President Obama's decision to reverse himself and oppose the release of photographs depicting "detainee abuse" by the U.S. military might be wildly controversial on the left, but the Times story by Jeff Zeleny and Thom Shanker on Thursday's front page was very slow to feature opposing voices. ACLU chief Anthony Romero surfaced in paragraph 11, and even then he was complaining about how the photos would expose the last administration.
However, on the other side of the front page, on the far left, appropriately enough, was a story by David Herszenhorn headlined "Unease Grows for Democrats Over Security." No one in this story denounced Obama's reversal on the detainee photos, but they did question Obama's plans for Iraq, Afghanistan, and Guantanamo.
While the Times reporter suggested House and Senate Democrats will easily pass new appropriations for Iraq and Afghanistan, "the discomfort among Democrats points to a harder road ahead for Mr. Obama and the prospect of far more serious rancor if conditions worsen overseas. The unease, particularly over the war in Afghanistan, is greatest right now in the more liberal ranks of the Democratic caucus and is more evident in the House than in the Senate."
Old-style liberal David Obey, chairman of the Appropriations Committee, was blunt:
"With respect to Afghanistan and Pakistan, I am extremely dubious that the administration will be able to accomplish what it wants to accomplish," Mr. Obey said last week. "The problem is not the administration's policy or its goals. The problem is that I doubt that we have the tools there that we need to implement virtually any policy in that region."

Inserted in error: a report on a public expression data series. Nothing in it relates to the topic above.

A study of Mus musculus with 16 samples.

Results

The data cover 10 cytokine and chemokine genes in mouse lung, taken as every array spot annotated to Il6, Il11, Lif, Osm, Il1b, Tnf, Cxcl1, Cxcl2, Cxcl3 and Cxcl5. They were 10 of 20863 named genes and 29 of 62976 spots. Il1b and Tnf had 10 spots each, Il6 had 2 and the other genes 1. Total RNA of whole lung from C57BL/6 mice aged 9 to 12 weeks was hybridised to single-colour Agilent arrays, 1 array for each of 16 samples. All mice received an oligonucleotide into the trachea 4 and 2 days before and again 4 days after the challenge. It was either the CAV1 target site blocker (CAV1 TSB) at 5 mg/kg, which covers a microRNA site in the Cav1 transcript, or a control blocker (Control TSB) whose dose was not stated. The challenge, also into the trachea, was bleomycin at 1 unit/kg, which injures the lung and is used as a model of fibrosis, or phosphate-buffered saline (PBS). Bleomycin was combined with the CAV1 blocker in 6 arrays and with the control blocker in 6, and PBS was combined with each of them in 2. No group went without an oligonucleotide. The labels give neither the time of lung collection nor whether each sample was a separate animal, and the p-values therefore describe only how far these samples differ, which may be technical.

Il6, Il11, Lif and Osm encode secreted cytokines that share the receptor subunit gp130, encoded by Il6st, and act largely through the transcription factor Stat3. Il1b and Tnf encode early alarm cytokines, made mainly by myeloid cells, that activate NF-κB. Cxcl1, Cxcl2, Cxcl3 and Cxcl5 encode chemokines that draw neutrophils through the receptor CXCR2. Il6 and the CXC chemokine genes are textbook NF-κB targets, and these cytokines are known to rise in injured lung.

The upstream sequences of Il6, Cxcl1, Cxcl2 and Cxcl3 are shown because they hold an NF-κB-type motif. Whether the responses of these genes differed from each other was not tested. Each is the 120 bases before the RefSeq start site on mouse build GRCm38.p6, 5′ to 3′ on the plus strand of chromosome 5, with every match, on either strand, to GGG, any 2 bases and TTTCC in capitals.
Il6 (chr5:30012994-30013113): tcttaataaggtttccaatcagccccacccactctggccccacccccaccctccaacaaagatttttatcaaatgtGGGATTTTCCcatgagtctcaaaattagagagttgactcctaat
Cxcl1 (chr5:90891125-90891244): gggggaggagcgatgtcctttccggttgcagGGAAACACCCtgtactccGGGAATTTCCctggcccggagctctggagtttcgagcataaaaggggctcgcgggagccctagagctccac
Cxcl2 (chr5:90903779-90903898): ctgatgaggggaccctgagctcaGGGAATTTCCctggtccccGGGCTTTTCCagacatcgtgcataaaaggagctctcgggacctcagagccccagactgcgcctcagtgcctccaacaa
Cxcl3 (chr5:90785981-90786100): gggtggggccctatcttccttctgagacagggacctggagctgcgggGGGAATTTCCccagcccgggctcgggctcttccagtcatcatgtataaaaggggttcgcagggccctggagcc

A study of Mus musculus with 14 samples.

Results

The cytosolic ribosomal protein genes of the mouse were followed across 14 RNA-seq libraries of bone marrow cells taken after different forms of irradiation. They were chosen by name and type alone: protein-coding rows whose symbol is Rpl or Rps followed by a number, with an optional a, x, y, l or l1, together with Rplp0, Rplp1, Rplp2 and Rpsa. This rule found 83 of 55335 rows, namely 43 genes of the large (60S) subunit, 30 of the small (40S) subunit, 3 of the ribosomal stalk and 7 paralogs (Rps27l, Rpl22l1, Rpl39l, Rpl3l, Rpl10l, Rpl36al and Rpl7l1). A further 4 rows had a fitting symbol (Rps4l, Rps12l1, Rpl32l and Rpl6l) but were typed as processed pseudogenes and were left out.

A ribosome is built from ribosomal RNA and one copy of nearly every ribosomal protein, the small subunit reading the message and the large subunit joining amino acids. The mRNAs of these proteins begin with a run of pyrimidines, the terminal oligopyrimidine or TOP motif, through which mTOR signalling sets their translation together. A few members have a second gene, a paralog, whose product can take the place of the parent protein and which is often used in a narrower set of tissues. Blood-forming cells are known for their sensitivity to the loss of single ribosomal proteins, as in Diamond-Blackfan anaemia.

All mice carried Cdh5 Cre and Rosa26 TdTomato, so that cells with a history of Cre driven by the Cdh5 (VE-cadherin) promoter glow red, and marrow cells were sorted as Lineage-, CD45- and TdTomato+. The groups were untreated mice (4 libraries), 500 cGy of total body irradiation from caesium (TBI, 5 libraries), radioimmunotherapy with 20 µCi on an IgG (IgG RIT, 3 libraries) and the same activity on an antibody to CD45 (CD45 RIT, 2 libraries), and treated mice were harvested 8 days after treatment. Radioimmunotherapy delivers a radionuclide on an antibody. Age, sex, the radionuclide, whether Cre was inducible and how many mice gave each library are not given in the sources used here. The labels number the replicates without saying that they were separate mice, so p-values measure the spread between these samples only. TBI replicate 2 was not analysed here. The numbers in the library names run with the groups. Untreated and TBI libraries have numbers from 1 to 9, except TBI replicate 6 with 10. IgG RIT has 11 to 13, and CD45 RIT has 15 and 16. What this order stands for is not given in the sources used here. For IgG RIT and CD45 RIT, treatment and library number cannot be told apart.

Freshman liberal Alan Grayson of Florida wildly suggested the two Bush wars were relics of the 1800s: "There is no need in the 21st century to do this, to make us safe....This is a 19th-century strategy being played out at great expense in both money and blood in the 21st century, in the wrong time at the wrong place."
The Times also featured Reps. Jack Murtha and Jerrold Nadler inside, and published large photos and quotations from Obey, Murtha, and Nadler. There were no Democrats quoted who were satisfied with the current Iraq and Afghanistan strategies, so the story wasn't exactly a two-sided debate. But at least the Times is acknowledging the potential for internal conflict in the Democratic Party, as opposed to their usual obsession with creating and growing fissures in the Republican fold.